The European Union and Brazil intend to speak "with one voice" on the international financial crisis, the presidents of France and Brazil said at a two-day EU-Brazil summit held in Rio de Janeiro on Monday and Tuesday.

Brazil's President Luiz Inacio Lula da Silva, right, and French President Nicolas Sarkozy

The Rio meeting was the second official EU-Brazil summit

President Nicolas Sarkozy of France, the current holder of the EU presidency, said he and Brazilian President Luiz Inacio Lula da Silva held similar views on the financial crisis and that they would both air those views at the next Group of 20 major economies meeting on April 2 in London.

The April meeting will continue efforts in search of a new global financial order, Sarkozy said. The previous G20 gathering in Washington in November saw developed and developing countries agree to attempt to revive the struggling world economy.

"Europe and Brazil must speak with one voice to change how the world reacts to such crises," Sarkozy said. This was true not only of the financial crisis, but also of the need to bring the Doha round of world trade talks to a successful conclusion, of the need for alternative energy sources and of the need to halt climate change, Sarkozy added.

"We decided to narrow our positions and arrive in London with a common vision, on the future role of the IMF, the system of management of financial institutions," he said. "We cannot allow a single financial institution to be uncontrolled or unsupervised."

Common answers necessary: Lula

Brazil's President Luiz Inacio Lula da Silva greeted by a crowd near Sao Paolo

Brazil's leader says the crisis can bring developed and developing nations together

Lula emphasized the "overlapping interests" of his country and those of the EU, which would facilitate cooperation in these "unsure and turbulent times."

"The crisis offers the possibility for developing as well as developed countries to find common answers to the most difficult challenges of current times," Lula said.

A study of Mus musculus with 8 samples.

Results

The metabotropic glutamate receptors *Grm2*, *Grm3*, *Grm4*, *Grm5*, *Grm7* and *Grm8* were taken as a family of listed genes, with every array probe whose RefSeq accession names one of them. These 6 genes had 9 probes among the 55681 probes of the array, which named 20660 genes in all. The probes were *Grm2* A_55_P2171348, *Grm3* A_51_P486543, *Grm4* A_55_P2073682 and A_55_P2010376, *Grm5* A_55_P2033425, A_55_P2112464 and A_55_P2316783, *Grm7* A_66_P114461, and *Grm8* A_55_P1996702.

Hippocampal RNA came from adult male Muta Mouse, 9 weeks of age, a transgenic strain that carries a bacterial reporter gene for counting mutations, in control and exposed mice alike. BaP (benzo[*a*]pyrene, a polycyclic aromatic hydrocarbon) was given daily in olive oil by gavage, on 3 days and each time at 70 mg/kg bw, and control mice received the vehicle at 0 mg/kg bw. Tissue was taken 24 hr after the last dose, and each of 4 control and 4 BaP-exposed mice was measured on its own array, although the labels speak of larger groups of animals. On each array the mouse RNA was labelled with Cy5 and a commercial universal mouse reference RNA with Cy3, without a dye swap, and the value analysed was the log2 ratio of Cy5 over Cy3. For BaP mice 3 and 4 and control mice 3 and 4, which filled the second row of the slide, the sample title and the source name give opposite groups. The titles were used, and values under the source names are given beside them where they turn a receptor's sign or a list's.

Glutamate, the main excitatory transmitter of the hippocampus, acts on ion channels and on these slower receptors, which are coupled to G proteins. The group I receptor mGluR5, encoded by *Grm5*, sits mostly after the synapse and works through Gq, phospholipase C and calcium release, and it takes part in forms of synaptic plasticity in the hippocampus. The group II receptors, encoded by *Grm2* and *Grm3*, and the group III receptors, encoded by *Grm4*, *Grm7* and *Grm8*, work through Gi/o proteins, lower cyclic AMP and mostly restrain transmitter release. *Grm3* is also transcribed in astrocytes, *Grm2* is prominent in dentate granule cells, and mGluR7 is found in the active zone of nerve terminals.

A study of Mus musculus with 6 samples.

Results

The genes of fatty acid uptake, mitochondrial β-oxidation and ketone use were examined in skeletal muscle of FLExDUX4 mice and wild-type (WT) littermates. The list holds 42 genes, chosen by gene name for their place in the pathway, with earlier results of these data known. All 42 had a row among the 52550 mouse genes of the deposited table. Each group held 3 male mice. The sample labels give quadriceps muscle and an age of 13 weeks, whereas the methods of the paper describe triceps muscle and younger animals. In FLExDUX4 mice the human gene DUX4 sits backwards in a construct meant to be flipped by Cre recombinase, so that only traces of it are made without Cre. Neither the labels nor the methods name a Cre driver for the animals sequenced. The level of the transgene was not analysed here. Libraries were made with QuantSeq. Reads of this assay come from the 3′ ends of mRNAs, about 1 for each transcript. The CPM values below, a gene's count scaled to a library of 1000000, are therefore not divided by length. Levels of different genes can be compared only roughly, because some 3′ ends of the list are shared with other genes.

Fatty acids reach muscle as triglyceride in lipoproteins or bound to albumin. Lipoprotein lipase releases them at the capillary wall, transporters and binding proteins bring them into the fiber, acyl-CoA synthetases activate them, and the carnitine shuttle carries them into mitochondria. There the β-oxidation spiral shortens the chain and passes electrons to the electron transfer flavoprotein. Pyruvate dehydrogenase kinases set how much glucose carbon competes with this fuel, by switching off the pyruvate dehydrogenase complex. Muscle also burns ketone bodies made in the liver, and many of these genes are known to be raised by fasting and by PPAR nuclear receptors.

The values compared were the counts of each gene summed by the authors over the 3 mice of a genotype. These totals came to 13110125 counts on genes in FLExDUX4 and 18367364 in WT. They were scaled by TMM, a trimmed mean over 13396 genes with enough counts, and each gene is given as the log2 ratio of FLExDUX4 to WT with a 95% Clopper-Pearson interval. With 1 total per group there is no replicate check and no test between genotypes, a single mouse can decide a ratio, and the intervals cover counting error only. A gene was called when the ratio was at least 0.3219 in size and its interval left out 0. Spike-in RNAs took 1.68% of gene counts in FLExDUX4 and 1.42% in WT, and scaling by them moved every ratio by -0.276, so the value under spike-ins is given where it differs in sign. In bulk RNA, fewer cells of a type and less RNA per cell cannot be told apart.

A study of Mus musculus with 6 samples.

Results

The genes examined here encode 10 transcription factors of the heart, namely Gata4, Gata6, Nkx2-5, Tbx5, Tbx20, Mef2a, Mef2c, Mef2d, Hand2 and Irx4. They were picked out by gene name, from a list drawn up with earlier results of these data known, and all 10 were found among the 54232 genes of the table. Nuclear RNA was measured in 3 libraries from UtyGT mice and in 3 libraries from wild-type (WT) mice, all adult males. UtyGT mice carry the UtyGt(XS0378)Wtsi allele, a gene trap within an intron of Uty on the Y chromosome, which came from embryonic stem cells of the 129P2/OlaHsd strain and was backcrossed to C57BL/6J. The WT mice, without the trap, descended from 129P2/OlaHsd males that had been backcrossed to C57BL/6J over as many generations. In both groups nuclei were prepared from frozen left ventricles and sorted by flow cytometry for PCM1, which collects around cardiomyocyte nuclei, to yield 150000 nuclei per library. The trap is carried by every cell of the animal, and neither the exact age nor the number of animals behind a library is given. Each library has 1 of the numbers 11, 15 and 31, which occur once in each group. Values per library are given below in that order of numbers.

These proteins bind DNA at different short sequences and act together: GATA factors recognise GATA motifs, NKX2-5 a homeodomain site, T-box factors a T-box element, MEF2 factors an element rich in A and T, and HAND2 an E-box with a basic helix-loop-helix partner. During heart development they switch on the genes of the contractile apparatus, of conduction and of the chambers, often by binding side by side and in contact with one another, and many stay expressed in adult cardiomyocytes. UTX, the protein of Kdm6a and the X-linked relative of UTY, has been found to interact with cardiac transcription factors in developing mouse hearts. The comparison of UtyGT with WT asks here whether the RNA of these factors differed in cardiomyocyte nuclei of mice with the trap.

The two leaders, who also met with EU Commission President Jose Manuel Barroso in Rio de Janeiro, envisioned a path that would lead to a free trade pact between the EU and Mercosur -- the regional free trade grouping of Argentina, Brazil, Paraguay, Uruguay and a collection of other associate South American member states -- Lula said.

Lula also called for far-reaching reform of the finance sector to fix the "shameless speculation" that resulted in the current crisis.

Brazil key to global answers: Sarkozy

Sarkozy and Barroso emphasized the growing stature of Brazil as a developing industrial country and regional power. The country represents Latin America's biggest economy and has been pushing for a permanent seat at the UN Security Council.

People wave flags at the Christ the redeemer statue in Rio de Janeiro

Brazil's growing economic power has positioned it as a world player

"Who wants to try to solve the problems of the world without countries like China, India and Brazil?" Sarkozy posited in an interview. "I'm being honest when I say we need Brazil in world governance. I think we need Brazil as a permanent member of the Security Council."

The summit was to be followed by a bilateral meeting between France and Brazil, in which the two were to discuss a joint-building of a nuclear-powered submarine for the Brazilian Navy.

Trade between Brazil and the EU stood at around $77 billion (55 billion euros) in the first 11 months of this year, an increase of 26 percent from the same period last year. That would make the EU Brazil's most important trade partner, followed by the US.

EU countries also head the list of investors, with $18.4 billion in 2007, the equivalent of 54.6 percent of all foreign investments in Brazil.